Do you know if your period is normal? Do you know how much blood loss during your period is considered "heavy"?
In this video, Dr. Williams and Dr. Mary discuss menstrual irregularities, focusing on what constitutes a normal menstrual cycle, normal period, variations, potential causes of irregularities, and essential tests to consider for proper evaluation.
Understanding the Menstrual Cycle:
The menstrual cycle refers to the monthly hormone fluctuation in women that typically spans 24-35 days. The period, on the other hand, is the actual bleeding lasting 5 to 7 days. It is normal for a woman’s cycle to vary from cycle to cycle up to nine days.
Normal Blood Loss during Menstruation
Up to 80 mL (or 2.7 ounces) of blood loss is considered normal during menstruation. Putting it into perspective, this is about 2-3 average-sized menstrual cups or 16 regular tampons throughout the entire cycle.
Excessive Bleeding/ Heavy Cycles
Excessive bleeding is defined as soaking through a super pad or tampon in less than two hours. This may indicate a concern and is something that should be discussed with a doctor.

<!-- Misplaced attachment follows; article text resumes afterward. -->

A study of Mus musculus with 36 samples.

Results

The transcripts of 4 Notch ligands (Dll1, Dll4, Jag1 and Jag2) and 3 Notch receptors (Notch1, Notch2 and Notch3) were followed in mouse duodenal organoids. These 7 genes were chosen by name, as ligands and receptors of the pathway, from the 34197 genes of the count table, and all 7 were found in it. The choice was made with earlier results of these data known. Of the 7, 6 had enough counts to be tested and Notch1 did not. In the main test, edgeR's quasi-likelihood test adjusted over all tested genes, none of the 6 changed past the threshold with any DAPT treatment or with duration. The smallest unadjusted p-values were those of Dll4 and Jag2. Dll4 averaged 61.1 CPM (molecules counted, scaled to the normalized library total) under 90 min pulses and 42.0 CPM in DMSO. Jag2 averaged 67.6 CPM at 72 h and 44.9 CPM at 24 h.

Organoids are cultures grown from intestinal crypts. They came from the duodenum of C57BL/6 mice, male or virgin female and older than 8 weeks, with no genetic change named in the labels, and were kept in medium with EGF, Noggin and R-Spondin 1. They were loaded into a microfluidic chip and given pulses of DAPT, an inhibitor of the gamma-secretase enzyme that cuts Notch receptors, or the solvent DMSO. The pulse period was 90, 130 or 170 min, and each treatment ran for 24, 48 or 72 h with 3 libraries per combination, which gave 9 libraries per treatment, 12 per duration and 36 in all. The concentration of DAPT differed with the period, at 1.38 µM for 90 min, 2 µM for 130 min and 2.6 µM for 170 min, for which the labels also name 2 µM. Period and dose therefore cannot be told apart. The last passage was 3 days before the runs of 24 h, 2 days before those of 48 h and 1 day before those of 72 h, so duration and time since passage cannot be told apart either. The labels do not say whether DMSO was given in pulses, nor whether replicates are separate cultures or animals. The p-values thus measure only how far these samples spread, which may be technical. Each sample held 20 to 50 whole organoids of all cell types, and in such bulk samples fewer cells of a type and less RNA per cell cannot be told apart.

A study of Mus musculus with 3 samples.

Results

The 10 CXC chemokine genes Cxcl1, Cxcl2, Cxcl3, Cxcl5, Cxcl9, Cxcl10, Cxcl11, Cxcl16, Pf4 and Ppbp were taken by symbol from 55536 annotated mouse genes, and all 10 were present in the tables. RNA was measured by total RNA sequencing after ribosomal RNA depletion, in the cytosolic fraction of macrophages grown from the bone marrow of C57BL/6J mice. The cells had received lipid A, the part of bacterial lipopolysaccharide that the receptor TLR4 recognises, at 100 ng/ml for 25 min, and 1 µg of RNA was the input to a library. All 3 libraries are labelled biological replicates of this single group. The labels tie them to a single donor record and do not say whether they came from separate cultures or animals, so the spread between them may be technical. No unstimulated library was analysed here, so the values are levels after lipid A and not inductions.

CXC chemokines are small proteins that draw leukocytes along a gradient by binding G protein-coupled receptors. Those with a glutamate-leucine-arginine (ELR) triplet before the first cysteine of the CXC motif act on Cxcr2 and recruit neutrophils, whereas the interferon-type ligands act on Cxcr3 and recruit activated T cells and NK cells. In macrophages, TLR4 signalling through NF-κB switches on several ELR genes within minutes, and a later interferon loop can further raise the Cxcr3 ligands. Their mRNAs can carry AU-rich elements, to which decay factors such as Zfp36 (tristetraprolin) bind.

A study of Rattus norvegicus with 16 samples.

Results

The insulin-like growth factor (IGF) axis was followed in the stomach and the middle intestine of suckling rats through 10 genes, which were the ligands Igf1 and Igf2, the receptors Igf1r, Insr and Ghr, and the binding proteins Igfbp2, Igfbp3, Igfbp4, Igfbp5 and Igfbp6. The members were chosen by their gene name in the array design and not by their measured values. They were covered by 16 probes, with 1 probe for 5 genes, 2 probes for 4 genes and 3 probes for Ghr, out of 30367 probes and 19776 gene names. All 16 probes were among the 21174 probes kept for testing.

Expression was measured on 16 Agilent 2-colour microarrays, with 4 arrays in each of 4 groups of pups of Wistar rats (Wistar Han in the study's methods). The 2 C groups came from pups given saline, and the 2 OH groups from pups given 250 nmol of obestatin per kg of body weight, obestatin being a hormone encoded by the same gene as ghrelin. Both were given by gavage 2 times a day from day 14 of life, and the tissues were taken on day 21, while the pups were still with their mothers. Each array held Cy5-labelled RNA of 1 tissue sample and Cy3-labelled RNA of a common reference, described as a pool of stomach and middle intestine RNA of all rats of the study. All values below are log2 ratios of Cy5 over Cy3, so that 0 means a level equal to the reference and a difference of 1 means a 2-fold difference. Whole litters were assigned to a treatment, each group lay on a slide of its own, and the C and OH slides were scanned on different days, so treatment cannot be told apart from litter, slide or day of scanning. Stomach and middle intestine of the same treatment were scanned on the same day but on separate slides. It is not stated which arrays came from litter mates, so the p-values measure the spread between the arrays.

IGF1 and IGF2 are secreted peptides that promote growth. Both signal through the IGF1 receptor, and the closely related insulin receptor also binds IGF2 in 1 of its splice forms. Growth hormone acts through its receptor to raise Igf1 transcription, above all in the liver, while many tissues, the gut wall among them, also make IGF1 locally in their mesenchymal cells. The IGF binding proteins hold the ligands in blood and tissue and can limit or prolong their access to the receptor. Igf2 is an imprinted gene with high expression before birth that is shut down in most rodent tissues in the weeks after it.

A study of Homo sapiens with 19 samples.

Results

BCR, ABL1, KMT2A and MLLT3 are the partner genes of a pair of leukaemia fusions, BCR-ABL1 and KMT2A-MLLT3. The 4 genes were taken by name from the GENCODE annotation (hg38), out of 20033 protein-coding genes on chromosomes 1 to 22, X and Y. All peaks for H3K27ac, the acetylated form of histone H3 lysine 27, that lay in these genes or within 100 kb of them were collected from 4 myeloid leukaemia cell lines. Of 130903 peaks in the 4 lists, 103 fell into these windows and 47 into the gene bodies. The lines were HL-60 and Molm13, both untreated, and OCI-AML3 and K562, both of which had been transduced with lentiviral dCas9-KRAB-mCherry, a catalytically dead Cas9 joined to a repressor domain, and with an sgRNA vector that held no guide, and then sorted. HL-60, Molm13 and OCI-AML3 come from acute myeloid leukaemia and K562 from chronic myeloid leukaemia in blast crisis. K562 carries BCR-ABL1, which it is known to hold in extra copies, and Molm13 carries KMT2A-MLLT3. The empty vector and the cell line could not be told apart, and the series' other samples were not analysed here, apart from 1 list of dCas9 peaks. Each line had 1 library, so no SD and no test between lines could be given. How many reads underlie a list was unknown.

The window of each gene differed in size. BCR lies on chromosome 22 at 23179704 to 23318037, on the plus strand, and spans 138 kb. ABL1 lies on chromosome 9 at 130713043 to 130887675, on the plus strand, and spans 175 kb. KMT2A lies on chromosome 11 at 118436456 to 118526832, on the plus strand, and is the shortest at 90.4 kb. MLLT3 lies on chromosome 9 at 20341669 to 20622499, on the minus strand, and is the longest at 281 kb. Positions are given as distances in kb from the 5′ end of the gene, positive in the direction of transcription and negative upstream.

Dysmenorrhea: Painful menstrual cycles. This has been shown to affect up to 50-90% of women and is often worsened by stress.
Amenorrhea: Absence or infrequent menstrual cycles. Causes include stress, under-eating, over-exercising, being underweight, and Polycystic Ovarian Syndrome (PCOS).
Menorrhagia: Heavy menstrual bleeding where blood loss is more than 80 mL or when your period lasts longer than eight days. This is often associated with conditions like endometriosis, fibroids, or polyps.
Endometriosis: Characterized by the growth of endometrial tissue outside the uterus, which leads to pain and irregular bleeding.
Factors Influencing Menstrual Irregularities
Various factors such as stress, exercise, diet, medications (steroids, blood thinners, etc.), IUDs, and hormonal contraceptives can impact menstrual regularity. Puberty and perimenopause are phases where irregular cycles are expected.
Diagnostic Tests for Hormonal Evaluation:
To diagnose menstrual irregularities, it is imperative to test hormones at the correct time of the month. Additionally, a full thyroid panel helps provide a comprehensive view. Dr. Williams tests her patients on the following days for each of these hormones:
Estradiol, FSH, LH: Day 3-5 of the cycle (Day 1 is the first day of a woman’s period)
Progesterone: day 19-21 of the cycle
Testosterone and other androgens can be tested on any day of the cycle
Understanding the normal menstrual cycle, potential irregularities, their causes, and the diagnostic procedures for evaluating hormonal balance is crucial for women's reproductive health.